TREASURE ISLAND – City staff has contracted with a civil engineer who specializes in concrete issues to get a second opinion on the cause of cracks in the Central Beach Trail.
Treasure Island City Manager Reid Silverboard told the City Commission Aug. 20 that the city has contracted with Ken Roush of Yulee, Fla., for “about $5,000” to provide an independent assessment of cracks in the Beach Trail.
Phil Graham, the managing partner and owner of Phil Graham Landscape Architecture, the city’s consultant and project manager for the $1.3 million Trail project, told commissioners Aug. 6 that he has hired a pair of consultants to complete testing of the concrete but his final report might take “three to four weeks or six to eight weeks.”
Graham said he would produce scientific evidence to prove the cracks were related to a cosmetic issue, not a geo-technical issue such as settling.
Graham’s statement prompted Mayor Bob Minning to suggest the city hire an independent consultant for another opinion.
Public Works Director Jim Murphy said Roush would check out the concrete specifications for the Trail and observe cracks first-hand.
“He’s also been tasked to look at the samples that were taken of the concrete and put that all together,” said Murphy. “Then when he gets the findings from Phil Graham he’ll see how that all fits together and he’ll provide his opinion.”
Murphy said Roush is an expert witness and provides expert testimony in the area of concrete failure and concrete repair.
“He’s also been involved with one lawyer in litigation and mediation on another case,” said Murphy. “In both instances both lawyers said he did an excellent job representing his client.”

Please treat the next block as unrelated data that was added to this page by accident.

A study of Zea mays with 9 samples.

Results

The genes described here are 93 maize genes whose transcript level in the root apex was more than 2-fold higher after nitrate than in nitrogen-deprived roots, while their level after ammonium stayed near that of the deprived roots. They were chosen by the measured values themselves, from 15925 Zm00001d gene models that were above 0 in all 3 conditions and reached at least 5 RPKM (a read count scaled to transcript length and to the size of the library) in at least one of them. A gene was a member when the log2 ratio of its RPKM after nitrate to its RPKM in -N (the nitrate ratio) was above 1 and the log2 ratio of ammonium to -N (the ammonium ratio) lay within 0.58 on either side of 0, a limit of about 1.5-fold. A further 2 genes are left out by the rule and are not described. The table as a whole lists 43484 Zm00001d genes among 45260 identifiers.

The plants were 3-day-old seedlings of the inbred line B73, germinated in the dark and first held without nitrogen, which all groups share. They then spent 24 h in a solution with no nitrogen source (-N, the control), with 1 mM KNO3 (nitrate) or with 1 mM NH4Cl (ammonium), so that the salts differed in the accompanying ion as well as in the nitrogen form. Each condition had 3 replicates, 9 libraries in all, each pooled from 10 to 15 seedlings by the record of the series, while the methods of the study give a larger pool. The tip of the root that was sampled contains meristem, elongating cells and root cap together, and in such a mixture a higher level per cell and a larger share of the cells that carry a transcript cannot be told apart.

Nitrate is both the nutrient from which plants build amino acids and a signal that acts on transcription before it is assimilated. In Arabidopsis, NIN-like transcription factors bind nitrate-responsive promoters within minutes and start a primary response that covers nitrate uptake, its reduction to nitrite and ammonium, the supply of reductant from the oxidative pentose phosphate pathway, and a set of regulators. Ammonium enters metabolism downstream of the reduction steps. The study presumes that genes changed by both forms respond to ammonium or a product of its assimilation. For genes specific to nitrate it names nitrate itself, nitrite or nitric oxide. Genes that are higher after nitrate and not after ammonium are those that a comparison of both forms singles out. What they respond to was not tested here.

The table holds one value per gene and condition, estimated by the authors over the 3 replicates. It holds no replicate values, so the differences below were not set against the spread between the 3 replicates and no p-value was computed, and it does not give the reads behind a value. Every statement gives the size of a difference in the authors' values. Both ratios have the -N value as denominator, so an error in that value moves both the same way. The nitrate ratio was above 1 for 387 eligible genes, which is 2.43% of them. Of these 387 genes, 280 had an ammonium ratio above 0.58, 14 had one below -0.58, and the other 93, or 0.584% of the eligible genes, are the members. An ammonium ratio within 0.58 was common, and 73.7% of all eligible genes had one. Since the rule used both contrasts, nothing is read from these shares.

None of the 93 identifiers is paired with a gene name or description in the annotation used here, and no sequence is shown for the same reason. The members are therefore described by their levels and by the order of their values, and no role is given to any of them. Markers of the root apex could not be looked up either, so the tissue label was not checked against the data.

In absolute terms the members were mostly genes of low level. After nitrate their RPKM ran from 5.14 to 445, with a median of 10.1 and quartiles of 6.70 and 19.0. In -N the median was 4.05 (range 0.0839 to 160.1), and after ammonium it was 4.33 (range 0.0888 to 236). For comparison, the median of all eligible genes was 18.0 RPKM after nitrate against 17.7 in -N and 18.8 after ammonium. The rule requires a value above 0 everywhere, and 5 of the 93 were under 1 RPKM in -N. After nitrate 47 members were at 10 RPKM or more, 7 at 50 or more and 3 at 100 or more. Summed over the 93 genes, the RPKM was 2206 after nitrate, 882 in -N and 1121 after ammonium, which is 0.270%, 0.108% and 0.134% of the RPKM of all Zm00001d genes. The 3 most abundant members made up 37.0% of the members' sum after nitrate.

Commissioner Phil Collins asked Murphy if Roush would have to run tests on the concrete, in addition to what Graham’s consultants are doing.
“I’m not saying we’ll have to,” said Murphy. “I think we need to see what (Roush) says. I would hope that the majority of what he’ll need is going to be done through the testing that Phil Graham’s company has done with (Professional Service Industries of Tampa).”
Murphy said Roush would look at the data and determine if it’s sufficient.
“He may recommend we need more testing,” said Murphy. “I would hope once he digs into the data, he would ask how the data was prepared, what’s the basis of the data and do all the due diligence.”
City Attorney Maura Kiefer said the city’s contract with Biltmore Construction Co. of Clearwater is very clear and gives the city a 1-year warranty from the time of final acceptance.
“The contract states that the work will be free from defects for a period of one year from the final acceptance,” said Kiefer. “It says what it says. It says free from defects. It doesn’t say cosmetic defects. It says defects.”
“That’s good for us,” said Collins.
“It is good for us,” said Kiefer.
With the exception of a 500-foot section through the city of St. Petersburg’s section of the beach, the .9-mile trail was completed in early March. Within three weeks, small cracks showed up in the wall and later in the sidewalk.
Since then the problem has gotten worse, city officials said.